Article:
Capacity constraints have moved from the water to land as companies tie up transport equipment, triggering backups across freight networks
The struggle for shipping capacity that has been a hallmark of pandemic-era snarled supply chains is shifting inland, with the transportation equipment crucial to moving goods growing increasingly difficult to find.
Logistics executives say sea containers and the steel trailers needed to ferry goods on trucks are being tied up for weeks at a time while companies store goods on the equipment because warehouses are brimming to capacity.
The practice is triggering lengthy backups at inland distribution hubs including Chicago and Kansas City, Mo., that officials say are as bad now as at any time during the Covid-19 pandemic.
”Right now the backup goes right to the warehouse and distribution center where those facilities are chock-a-block,” said Mike Wilson, chief executive of Consolidated Chassis Management. CCM, based in Budd Lake, N.J., manages about 80,000 chassis, the steel trailers used by truckers to pull containers between ports, rail yards and warehouses.
According to company data, CCM’s trailers earlier this month around Kansas City and St. Louis were tied up under equipment for an average of almost 33 days, up from about 20 days at the start of the summer and about 10 days before the pandemic.
The inland bottlenecks are growing as congestion is easing in other parts of global supply chains. Some Gulf and East Coast ports are still seeing surges in cargo. But overall, demand for space on container ships is waning, according to Denmark-based Sea-Intelligence, and backups at the nation’s busiest container port complex at Los Angeles and Long Beach, Calif., are at their lowest levels in more than a year.
The scene is quite different at inland rail yards. Union Pacific Corp. and BNSF Railway Co. have been limiting container shipments recently from Southern California into overstuffed freight hubs in the Chicago area, reviving actions they took last summer to ease congestion.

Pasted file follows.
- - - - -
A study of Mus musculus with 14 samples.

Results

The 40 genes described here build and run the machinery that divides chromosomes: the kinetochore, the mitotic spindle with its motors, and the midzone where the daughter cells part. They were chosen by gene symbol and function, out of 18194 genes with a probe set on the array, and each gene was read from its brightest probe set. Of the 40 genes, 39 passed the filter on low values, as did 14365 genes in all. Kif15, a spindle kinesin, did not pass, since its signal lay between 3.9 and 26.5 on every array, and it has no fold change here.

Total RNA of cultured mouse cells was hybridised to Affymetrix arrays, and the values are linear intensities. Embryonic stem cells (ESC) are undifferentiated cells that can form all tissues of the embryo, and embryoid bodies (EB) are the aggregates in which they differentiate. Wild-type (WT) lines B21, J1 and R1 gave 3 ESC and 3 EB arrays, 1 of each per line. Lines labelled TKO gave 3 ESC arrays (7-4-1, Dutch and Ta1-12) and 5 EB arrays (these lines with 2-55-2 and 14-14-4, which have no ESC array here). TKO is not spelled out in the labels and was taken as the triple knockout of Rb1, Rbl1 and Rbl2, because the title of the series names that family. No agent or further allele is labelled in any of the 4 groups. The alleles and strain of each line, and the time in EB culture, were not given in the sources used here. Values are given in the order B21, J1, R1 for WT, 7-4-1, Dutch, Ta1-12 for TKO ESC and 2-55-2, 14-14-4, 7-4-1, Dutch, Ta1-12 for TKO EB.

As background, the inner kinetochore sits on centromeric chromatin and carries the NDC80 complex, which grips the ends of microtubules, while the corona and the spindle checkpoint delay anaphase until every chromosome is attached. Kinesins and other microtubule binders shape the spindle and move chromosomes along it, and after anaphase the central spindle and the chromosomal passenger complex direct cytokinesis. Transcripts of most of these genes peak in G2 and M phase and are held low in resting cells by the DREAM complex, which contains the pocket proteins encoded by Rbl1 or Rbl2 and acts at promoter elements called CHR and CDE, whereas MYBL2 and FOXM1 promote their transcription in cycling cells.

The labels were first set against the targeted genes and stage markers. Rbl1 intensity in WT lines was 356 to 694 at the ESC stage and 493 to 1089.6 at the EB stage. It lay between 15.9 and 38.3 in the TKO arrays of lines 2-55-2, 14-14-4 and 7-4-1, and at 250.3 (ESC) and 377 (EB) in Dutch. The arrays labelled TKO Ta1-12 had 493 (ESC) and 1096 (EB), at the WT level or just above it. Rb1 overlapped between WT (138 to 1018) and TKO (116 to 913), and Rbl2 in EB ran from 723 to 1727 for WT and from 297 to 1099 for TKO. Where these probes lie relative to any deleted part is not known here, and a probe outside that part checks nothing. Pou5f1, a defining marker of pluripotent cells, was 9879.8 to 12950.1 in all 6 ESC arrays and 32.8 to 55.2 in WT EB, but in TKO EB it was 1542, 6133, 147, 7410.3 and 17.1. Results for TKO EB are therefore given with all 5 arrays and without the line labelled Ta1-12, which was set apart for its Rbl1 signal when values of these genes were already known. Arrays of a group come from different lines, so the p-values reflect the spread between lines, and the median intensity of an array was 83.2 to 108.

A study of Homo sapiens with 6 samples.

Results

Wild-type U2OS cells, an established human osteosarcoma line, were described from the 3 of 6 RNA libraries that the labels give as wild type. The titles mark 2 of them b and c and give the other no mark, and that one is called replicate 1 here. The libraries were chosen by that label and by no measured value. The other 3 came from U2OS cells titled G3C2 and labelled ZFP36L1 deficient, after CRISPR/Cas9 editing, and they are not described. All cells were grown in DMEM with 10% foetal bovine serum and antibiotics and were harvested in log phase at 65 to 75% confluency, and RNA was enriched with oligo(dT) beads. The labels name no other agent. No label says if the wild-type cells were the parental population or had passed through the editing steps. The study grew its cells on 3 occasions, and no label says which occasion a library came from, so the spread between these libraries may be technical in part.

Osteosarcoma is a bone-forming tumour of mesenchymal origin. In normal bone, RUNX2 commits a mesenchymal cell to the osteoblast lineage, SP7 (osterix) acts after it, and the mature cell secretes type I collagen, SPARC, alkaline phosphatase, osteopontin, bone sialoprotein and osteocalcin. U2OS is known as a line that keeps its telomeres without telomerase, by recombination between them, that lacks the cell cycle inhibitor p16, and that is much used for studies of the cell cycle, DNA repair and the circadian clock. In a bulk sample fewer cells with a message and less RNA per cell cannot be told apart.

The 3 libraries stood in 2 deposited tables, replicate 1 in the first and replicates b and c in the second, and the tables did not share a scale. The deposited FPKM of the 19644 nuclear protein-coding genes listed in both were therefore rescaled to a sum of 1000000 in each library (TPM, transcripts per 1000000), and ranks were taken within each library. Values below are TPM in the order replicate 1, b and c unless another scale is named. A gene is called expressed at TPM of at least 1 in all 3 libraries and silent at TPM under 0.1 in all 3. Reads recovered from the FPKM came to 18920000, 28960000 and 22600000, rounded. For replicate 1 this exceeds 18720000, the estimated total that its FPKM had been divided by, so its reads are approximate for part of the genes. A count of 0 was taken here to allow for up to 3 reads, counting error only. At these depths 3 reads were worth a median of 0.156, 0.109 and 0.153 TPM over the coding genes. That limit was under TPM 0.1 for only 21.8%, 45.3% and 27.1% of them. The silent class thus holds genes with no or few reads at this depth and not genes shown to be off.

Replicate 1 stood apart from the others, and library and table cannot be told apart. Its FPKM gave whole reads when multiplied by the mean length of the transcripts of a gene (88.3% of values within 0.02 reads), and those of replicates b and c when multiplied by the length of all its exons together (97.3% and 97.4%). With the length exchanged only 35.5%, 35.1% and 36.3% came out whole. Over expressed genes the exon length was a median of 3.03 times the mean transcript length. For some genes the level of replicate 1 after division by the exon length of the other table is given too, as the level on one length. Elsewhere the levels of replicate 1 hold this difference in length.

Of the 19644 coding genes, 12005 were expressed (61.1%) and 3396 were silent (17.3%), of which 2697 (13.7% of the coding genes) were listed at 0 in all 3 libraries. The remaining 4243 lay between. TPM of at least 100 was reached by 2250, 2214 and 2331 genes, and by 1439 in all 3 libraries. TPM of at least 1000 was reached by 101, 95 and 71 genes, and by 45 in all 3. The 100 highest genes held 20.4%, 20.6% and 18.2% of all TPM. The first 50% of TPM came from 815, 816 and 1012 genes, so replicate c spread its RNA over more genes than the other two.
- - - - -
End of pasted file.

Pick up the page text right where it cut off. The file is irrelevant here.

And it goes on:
Tom Williams, group vice president for consumer products at BNSF, said it is cheaper for shippers to store cargo in a container atop a chassis than to incur higher fees for leaving the box in a rail yard. But the practice leaves fewer trailers available at rail yards, making it harder for other shippers to pick up boxes.
The transport equipment is needed to recover more imports at ports and for exporters to load up their goods for shipment to overseas markets.
Shortages of logistics equipment have plagued supply-chain executives throughout the pandemic. The bottlenecks in 2021 were often caused by importers rushing in goods to feed consumer demand, triggering backups at warehouses that didn’t have enough workers to unload boxes.
Chris Caton, managing director of global strategy and analytics at logistics-property giant Prologis Inc., said the vacancy rate in the firm’s top 30 U.S. markets is 3%, down from 4.3% one year ago and well below the typical range of 5% to 10%. Prologis warehouses are so full, Mr. Caton said, that many are approaching a functional ceiling at which smooth operations begin to break down.
Similar shortages are grinding down logistics operations across other parts of the supply chain.
Bill Shea, chief executive of Charlotte, N.C.-based chassis lessor Direct ChassisLink Inc., said that because of the extended time his trailers are stuck beneath containers it takes 26,000 more of the trailers to move 11% fewer shipments. “It’s an artificial shortage of equipment across the nation,” he said.
The inland congestion is less visible than the backups of container ships at major U.S. ports that came to symbolize supply-chain congestion in 2021. But executives say it is just as disruptive for shippers and logistics companies trying to move goods.
Bensenville, Ill.-based logistics services provider STG Logistics is parking containers wherever it can find land, and even leasing yards for customers while they wait for warehouse space to open up. “It’s almost like when a snake eats a rat,” said STG Chief Executive Paul Svindland. “I think we are looking at through the end of the calendar year before all this stuff gets pushed through.”